What to Do When You Don’t Know What to Do

It’s very unsettling that the human mind can become bored with certain activities. But I can explain it to you in a layman’s terms. It has to do with gaining new information and over-exerting your synapses and nerves. Of course, there are plenty more reasons why boredom can happen at any given time — you’re low on cash, you’ve already gone to the mall three times this weekend, you’ve already eaten that left-over dinner item. So when you have eaten it all, slept it all, seen it all, and done it all — what do you do? I might have a few tips which can be of some assistance.

1. Learn A New Hobby

Any hobby can be a fun and entertaining way to keep yourself interested in something new. When I was going to college, I was making flutes out of clay. I had never done it before, but I managed to sell a few and earn a little extra cash on the side. I’ve since learned something about collecting coins, collecting Zippo lighters, reading lots of books. If you happen to be interested in the history of something, you will almost undoubtedly learn other affiliated pieces of information. As an example, I have a few coins made the same year my grandmother was born, which was also six years before a local ice cream parlor had opened during the Great Depression — and is still open to this day!

2. Play An Instrument

I cannot really stress how excellent it would be to tote around a random instrument which you have taken the time to master on your own time, whip it out in public, and start improvising in the same exact key that someone may be singing or playing with another instrument. Busking in a city or near a beach would be an ideal setting to show off your accumulated playing talents. Seed money can start the process of earning tips, but it would help to know some contemporary music as opposed to Bach or Beethoven. (I’m not saying that they shouldn’t be in your repertoire, but I do believe that those eras of music which far surpass our own generation in terms of talent will help you to improvise in an expert manner). This way, you perhaps would be joined by a beat-boxer and an accordion player and make something of worthwhile value to take the normalcy away from a monotonous routine for others.

3. Learn A New Language

Wouldn’t it be so cool to be visiting your favorite vacation spot which doubled as a tourist trap, and be able to communicate with strangers from Norway or Germany? During what can be considered a substantial portion of human existence, the ability to communicate with others for bartering has been a very important notion. These days, however, monolingual folks such as myself are astounded at the difficulty of mastering a new language, but very much awe-inspired that another language can be spoken right in front of you and there is communication being made. Those are exceptionally amazing talents of the human mind. A computer has difficulty with such processes, and people who are multilingual in five or more languages seem to have the ability to switch at will. It would make for a nice conversation with a family from a foreign country about lifestyles and arts and music, but it would make for an even better time when you travel about knowing a little history and gaining perspectives from locals at the same time.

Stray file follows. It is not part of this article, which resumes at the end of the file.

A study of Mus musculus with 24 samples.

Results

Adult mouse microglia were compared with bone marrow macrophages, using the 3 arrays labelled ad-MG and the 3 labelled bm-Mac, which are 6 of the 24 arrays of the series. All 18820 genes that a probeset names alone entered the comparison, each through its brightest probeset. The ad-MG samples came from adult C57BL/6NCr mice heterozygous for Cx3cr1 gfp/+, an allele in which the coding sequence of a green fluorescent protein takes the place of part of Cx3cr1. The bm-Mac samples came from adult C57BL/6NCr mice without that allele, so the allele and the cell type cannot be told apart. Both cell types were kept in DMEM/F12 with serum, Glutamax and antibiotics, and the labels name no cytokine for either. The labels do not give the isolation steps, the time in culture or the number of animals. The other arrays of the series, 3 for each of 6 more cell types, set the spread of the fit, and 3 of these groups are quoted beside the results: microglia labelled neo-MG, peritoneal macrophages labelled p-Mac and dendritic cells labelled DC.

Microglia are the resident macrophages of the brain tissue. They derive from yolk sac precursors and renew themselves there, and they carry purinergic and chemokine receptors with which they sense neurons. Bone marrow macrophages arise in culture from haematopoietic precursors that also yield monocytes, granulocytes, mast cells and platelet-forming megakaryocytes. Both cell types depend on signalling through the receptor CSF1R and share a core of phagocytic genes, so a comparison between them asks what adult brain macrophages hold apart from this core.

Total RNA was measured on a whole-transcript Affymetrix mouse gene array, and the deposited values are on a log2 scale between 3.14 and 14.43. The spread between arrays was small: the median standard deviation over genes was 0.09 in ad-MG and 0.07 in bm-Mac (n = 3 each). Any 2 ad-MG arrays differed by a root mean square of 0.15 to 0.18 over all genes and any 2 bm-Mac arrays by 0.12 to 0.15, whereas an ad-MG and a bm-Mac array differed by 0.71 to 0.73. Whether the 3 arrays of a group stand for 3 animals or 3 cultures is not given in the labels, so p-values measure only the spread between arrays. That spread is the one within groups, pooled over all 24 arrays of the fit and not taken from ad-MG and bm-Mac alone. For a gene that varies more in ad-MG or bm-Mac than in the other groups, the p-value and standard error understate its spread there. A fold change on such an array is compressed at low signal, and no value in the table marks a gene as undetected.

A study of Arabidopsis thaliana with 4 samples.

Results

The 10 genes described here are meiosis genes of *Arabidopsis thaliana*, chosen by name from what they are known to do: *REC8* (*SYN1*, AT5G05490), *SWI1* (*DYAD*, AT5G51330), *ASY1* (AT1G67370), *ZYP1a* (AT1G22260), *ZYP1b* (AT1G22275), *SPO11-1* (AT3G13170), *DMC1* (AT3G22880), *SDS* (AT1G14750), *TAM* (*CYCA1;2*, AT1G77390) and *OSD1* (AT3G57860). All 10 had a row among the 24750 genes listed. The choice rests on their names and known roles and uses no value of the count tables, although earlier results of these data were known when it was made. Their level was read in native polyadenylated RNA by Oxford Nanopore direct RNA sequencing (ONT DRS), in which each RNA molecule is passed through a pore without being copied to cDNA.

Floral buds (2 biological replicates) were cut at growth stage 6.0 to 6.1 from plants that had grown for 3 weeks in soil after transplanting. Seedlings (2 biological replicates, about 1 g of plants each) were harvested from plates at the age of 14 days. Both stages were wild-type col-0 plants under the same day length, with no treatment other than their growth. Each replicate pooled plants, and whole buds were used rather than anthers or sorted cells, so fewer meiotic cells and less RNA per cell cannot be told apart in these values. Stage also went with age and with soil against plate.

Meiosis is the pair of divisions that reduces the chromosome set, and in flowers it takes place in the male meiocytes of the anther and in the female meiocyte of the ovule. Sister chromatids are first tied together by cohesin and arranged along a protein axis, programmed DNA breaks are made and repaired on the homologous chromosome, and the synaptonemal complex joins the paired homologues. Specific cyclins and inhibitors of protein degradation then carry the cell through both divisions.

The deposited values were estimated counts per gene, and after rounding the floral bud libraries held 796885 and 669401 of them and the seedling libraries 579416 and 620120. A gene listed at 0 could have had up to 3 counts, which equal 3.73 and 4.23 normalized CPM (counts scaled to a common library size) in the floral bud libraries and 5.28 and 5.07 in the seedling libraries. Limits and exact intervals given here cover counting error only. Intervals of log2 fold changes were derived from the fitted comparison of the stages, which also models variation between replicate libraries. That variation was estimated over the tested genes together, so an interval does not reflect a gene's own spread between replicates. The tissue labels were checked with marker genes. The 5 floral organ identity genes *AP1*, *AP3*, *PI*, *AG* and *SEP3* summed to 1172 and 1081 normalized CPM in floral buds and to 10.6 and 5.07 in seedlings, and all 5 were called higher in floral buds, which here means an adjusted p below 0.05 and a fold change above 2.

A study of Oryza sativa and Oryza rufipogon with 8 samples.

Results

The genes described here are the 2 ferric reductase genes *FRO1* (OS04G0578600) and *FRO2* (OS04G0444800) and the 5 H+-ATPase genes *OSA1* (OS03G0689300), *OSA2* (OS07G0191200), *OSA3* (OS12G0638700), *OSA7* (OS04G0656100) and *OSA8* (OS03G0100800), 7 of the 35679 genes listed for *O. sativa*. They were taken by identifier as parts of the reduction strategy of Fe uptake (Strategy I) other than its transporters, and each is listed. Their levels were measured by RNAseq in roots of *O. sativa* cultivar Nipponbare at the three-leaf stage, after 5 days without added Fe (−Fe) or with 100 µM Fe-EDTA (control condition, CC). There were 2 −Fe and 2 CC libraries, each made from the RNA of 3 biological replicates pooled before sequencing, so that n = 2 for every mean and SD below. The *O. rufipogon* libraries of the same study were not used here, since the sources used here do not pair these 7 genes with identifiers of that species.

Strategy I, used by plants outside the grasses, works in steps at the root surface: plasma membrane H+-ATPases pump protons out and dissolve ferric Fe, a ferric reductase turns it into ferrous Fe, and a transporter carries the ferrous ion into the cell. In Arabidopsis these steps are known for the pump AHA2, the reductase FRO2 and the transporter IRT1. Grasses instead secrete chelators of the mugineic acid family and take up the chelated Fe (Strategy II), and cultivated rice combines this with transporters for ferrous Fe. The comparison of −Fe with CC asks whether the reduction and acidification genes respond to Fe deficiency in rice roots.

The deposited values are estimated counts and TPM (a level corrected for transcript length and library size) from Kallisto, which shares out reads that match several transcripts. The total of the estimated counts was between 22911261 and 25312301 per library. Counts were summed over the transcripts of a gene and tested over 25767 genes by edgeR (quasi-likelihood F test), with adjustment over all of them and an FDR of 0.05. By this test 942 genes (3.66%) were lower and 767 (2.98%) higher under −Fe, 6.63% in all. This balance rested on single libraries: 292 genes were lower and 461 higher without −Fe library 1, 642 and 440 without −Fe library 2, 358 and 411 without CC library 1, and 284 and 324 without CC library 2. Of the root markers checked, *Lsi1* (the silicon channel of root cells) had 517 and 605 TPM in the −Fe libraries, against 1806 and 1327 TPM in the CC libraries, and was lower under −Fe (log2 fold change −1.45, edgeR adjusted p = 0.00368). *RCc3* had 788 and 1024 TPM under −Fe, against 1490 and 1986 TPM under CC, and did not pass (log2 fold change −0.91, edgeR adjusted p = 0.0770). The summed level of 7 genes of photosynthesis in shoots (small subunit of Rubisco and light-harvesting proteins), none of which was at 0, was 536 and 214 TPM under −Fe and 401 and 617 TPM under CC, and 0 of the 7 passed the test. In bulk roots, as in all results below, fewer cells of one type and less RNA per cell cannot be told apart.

4. Learn to Cook a New Dish

I posted a recipe here not too long ago. It was not the first time I had ever made it, but I mentioned that people really liked and wanted more of it — that is the kind of satisfaction I wish to have when making new dishes. I’m not a chef by any stretch of the imagination, but learning recipes for multiple dinners is never a bad idea. Kids not eating spinach? Perhaps hiding it away with some soup or stew will give then that Popeye strength. Rice? It’s difficult for the beginner, but it’s an excellent addition to any chicken dinner. Learning how to make new dinners and lunches, in varying combinations, will guarantee that microwave won’t be your primary heating source. And think of the possibility of maintaining your own garden to grow your own food! That would be some savings, I tell you! Savings! And it will positively make for some nice full bellies, to boot.

5. Test Your Typing Skills

I’m not exactly what one would consider a typist by trade, but a few months ago, I tested my typing speed and I was clocked around 45-50 words per minute. This qualifies me to do any beginning data entry job with the exception of a stenographer. But it was a random test, to be sure. I didn’t have any idea what my typing speed was when I was job searching (I may be searching for a new job here soon, myself, being unhappy with my place of employment) but my surprise was pretty well acceptable. You can use this for any skill, and not just typing. Adding and subtracting quickly in your head, as well as multiplication and division, can both be highly useful for receiving the correct amount of change in any transaction. Also, by some stretch of the imagination, you never know when you’ll need to know the lyrics for an obscure song with your skill of rapid access to seemingly unnecessary information…

This isn’t exactly a comprehensive list of things to do when boredom happens to strike out of nowhere. But it does, in my opinion, certainly seem to be a far better list of items than simply sitting on the couch watching mind-numbing television shows or reruns, or playing the same games over and over again. Think of some new ideas and tasks which you suit your needs best! I should be clear about cleaning — that is a necessary evil. Fewer things in the household will result in fewer cleaning tasks. One may become bored with cleaning, but hey, I wouldn’t want non-human squatters in my house, either! Even if you’re not one to become bored so easily, it never hurts to have a hobby or three.